Transition Team Mentors Iraqi Soldiers to Success
By Army Sgt. Whitney Houston
Special to American Forces Press Service
BAGHDAD, Jan. 29, 2009 Soldiers from varied backgrounds and specialties are helping to ensure the continued success of the Iraqi army as mentors and members of a military transition team.
Iraqi army 1st Lt. Murtada Esam Hussein searches Iraqi army 1st Lt. Mohammed Edan while U.S. Army Staff Sgt. Heather Roark, member of the 9th Iraqi Army Division military transition team, observes and offers advice on the appropriate techniques for searching women at Al Rasheed Iraqi army base in Baghdad, Jan. 23, 2009. U.S. Army photo by Sgt. Whitney Houston
(Click photo for screen-resolution image);high-resolution image available.
“Our main job … is to professionalize the Iraqi army,” Army Lt. Col. Thomas Seagrist, commander of the 9th Iraqi Army Division military transition team, said. “We have officers and noncommissioned officers from a wide variety of military occupational specialties. I have a logistics officer, an intelligence officer, an aviator, [explosive ordnance disposal], intelligence analysts, … and the list goes on.
“These [servicemembers] are the leaders of their respective elements, and the advisory role is to help their Iraqi counterparts see that there’s more than one way to skin a cat and open their eyes to other options,” he explained.
For team members to make progress, the first step is to establish a rapport with their Iraqi counterparts, “which is easier said than done,” Seagrist said.
“You have to build a relationship with them by sipping chai [tea] with them and having normal conversations with them -- even if the conversations have nothing to do with the job,” he said. “They have to trust you, and you have to trust them, and that’s definitely not an easy thing to do. You are not their friend -- although friendships do occur -- but there’s also a working relationship that has to exist.”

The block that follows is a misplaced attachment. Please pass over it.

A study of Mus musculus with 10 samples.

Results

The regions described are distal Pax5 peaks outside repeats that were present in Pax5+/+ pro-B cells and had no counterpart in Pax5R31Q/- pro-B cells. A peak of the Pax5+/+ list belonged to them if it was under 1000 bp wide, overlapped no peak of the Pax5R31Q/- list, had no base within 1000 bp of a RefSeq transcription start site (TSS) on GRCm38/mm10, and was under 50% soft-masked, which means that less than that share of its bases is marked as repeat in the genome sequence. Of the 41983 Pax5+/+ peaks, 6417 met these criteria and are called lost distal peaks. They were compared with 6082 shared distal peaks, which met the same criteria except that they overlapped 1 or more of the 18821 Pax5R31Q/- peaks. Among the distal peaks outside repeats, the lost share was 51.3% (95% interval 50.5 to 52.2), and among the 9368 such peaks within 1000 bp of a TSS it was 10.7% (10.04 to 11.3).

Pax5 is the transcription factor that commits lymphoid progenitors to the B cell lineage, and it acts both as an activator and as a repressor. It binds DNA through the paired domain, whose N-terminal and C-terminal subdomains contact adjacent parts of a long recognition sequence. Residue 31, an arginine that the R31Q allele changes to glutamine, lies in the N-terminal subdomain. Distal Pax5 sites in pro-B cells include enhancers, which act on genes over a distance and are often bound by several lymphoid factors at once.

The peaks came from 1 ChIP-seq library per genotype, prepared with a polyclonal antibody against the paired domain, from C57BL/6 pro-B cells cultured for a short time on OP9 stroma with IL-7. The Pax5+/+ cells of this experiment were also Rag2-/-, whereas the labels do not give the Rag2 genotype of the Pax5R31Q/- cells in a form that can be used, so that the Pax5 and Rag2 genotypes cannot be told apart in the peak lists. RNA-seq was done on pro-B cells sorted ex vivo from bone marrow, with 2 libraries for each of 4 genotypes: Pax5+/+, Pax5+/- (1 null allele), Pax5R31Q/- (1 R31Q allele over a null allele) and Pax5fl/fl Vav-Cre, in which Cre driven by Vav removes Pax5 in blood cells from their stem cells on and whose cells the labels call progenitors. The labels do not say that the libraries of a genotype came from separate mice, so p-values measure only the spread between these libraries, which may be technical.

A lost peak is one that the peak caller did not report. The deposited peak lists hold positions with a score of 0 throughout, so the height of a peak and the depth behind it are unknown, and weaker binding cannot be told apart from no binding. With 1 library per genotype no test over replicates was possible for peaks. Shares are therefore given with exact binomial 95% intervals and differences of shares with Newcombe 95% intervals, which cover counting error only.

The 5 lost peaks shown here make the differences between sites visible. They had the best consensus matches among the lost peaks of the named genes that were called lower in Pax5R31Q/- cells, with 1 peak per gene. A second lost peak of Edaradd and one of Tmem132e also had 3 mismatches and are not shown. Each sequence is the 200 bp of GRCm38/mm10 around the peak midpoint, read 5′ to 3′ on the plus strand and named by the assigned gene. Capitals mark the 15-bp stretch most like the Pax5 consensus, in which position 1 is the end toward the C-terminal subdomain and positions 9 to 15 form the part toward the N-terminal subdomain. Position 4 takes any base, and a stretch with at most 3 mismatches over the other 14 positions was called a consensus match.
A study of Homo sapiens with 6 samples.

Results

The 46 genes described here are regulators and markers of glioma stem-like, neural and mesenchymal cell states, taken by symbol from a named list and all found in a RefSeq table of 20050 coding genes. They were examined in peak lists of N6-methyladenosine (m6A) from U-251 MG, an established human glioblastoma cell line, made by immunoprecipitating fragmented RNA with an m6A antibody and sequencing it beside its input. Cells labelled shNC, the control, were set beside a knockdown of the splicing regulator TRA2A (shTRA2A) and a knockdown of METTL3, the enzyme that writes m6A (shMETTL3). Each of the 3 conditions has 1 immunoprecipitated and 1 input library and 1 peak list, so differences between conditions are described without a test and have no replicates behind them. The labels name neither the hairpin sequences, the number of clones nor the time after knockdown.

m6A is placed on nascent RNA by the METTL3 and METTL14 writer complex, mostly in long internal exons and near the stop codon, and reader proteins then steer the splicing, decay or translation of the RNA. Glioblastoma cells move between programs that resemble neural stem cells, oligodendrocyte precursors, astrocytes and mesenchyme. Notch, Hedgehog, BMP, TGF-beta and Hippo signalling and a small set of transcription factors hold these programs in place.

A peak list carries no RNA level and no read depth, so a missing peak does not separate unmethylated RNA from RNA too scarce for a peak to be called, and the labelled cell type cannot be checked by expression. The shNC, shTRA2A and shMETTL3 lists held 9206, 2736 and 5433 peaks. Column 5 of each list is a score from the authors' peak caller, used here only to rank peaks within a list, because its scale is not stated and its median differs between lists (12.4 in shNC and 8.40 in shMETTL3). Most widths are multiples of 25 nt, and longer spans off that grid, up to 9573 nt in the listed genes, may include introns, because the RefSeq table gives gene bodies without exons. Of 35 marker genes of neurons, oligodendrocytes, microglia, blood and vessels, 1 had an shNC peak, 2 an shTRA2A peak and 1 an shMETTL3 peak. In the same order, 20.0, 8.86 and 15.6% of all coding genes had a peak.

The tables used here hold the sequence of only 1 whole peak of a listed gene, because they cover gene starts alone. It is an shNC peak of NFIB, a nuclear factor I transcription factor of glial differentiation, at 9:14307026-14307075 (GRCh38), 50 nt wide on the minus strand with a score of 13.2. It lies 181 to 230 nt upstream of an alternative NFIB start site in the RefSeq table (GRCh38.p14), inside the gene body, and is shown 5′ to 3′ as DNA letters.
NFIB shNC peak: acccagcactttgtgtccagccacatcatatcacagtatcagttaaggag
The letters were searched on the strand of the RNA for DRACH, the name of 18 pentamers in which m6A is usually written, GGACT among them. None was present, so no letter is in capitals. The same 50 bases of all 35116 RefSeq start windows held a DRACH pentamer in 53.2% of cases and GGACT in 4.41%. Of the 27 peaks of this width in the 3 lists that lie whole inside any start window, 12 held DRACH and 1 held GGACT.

The team continually is faced with deeply ingrained cultural obstacles that require patience and perseverance to overcome.
“Many officers serving in today’s Iraqi army also served under [Saddam Hussein’s] regime, which is a totally different mindset. They grew up and prospered under a dictator who called all the shots,” Seagrist said.
“They served with pride for their army and their country” he continued, “and in an army in a new democratic society, we are trying to help them serve the people and a constitution rather than serving a man.”
To overcome the lingering cultural elements of a dictator’s army, Seagrist and his team have suggested and reiterated the importance of strengthening the Iraqi army noncommissioned officer corps to distribute authority and provide a much-needed “backbone” for the army.
“One of the big things that myself and other members of my team are doing is not only trying to get an NCO academy going, but legitimizing the NCO corps,” Army Master Sgt. Ian Hutchinson, the senior enlisted leader of the team, said. “In the Iraqi army, a lot of the soldiers don’t wear their rank. They don’t feel like it means anything, because they’re not afforded the authority that an American NCO has.
“We’re trying to show them they can do more than just bring the boss chai -- that they can take initiative and make things happen, and make NCOs in the Iraqi army just as proud as NCOs in the American Army,” he said.
(Army Sgt. Whitney Houston serves in the Multinational Division Baghdad public affairs office.)